Review of Storm and Spire Magnify book I by Stefanie Lozinski


Rating: 4.5/5 stars



You can watch this on Youtube here: https://www.youtube.com/watch?v=nKuis4h3f7Q



Probably for ages 13 and up because of some violence and darker scenes. It was, however, very clean and painted sin as something bad.


I have been following Stefanie on social media for a while now, so really wanted to give her book a try. She talks often about how she feels God inspires her in the writing process, which is beautiful, and made me really curious as a Catholic myself.



It contains a lot of very Christian messages: this idea of One God, The High One as He is called in the book, a One true religion, and so forth.


Some parts made me think of the early Christians in Rome, particularly those who converted from paganism. It had a martyr/persecution feel to it. You, likewise, had the main character doubting his pagan religion, and turning to the Truth.


Wes is in a particularly tough spot being the Envoy, the one who is a priest of sorts and offers the sacrifices to the false gods. He is the only one who can do this, marked by a moon scar on his face, so for him to turn his back on this for the sake of following Truth, that’s huge!


I liked seeing Wes’ development. He starts as a flawed character with a lot of room for growth: a slight glutton who is a bit overweight, a bit of a coward who ponders suicide and ponders leaving slave children to their own demise <-- that was probably one of my favourite scenes in the whole book, by the way. Wes goes from being a mostly likeable coward we can sympathize with because of his depressing past, to a hero who is willing to die for the Truth.


- Another main character is the dragon, Celesyria (named after a place in the Old Testament in the book of Machabees). She is likewise pretty flawed, lying to her parents even if for a good reason. She does mention regretting this later in the book. She kinda struck me as a bit of a teenager initially at parts, which seemed strange to me being a dragon who is supposed to be hundreds of years old I think, though for a YA book this probably holds marketing value. She also grows, though not as much as Wes does partially because her flaws may not be as apparent/strong.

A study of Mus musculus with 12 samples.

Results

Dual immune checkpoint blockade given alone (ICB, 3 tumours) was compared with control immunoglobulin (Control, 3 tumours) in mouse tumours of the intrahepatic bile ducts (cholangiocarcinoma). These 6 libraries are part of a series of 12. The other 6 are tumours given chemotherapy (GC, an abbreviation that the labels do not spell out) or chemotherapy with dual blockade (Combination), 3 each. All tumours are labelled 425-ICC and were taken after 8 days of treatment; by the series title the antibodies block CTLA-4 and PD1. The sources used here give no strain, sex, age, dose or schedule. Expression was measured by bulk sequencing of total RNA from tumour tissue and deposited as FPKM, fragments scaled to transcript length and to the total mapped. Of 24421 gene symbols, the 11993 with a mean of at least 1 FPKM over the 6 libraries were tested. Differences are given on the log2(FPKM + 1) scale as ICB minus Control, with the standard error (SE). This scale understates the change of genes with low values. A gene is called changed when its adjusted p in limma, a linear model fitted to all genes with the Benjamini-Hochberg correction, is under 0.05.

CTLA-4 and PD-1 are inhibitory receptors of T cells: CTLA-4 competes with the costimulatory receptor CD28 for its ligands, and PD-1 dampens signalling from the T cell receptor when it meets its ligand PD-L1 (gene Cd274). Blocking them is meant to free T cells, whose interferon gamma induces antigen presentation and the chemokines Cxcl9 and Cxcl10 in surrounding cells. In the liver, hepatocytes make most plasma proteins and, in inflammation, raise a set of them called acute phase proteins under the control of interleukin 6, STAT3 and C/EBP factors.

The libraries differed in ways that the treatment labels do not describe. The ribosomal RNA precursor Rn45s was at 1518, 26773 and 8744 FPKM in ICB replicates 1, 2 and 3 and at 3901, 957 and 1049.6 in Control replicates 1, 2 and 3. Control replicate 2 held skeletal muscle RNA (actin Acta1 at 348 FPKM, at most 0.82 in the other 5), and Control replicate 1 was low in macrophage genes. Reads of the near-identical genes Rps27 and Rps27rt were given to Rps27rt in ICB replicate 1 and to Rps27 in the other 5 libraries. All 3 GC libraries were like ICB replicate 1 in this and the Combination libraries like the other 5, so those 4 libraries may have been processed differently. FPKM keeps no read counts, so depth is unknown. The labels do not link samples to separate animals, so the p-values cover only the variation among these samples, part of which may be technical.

- I, personally, wasn’t sure how I felt about a talking dragon initially. I know even Tolkien has a talking dragon, and I love Tolkien, but it still seemed odd to me at first, maybe because I was writing my book at time I started reading Stefanie's book and, as you might know, my book likewise has dragons in it although they are very different; they don't talk and are more animalistic whereas Stefanie's are more humanistic. Also, as I got into this book, the idea of a talking dragon grew on me.

I found some parts in the book felt slow to me, though maybe that’s just me. I am a very impatient person. There were lots of action scenes scattered about though, some beautiful world building and imagery. The ending was especially riveting. There were some profound thoughts to ponder as well.


Overall, I really enjoyed it. It was well-written and an inspiring story. I am reading book II now because that ending was so intense! I’m definitely hooked.


I frequently recommend this book to others on social media, so it is safe to say that definitely made a huge impression on me.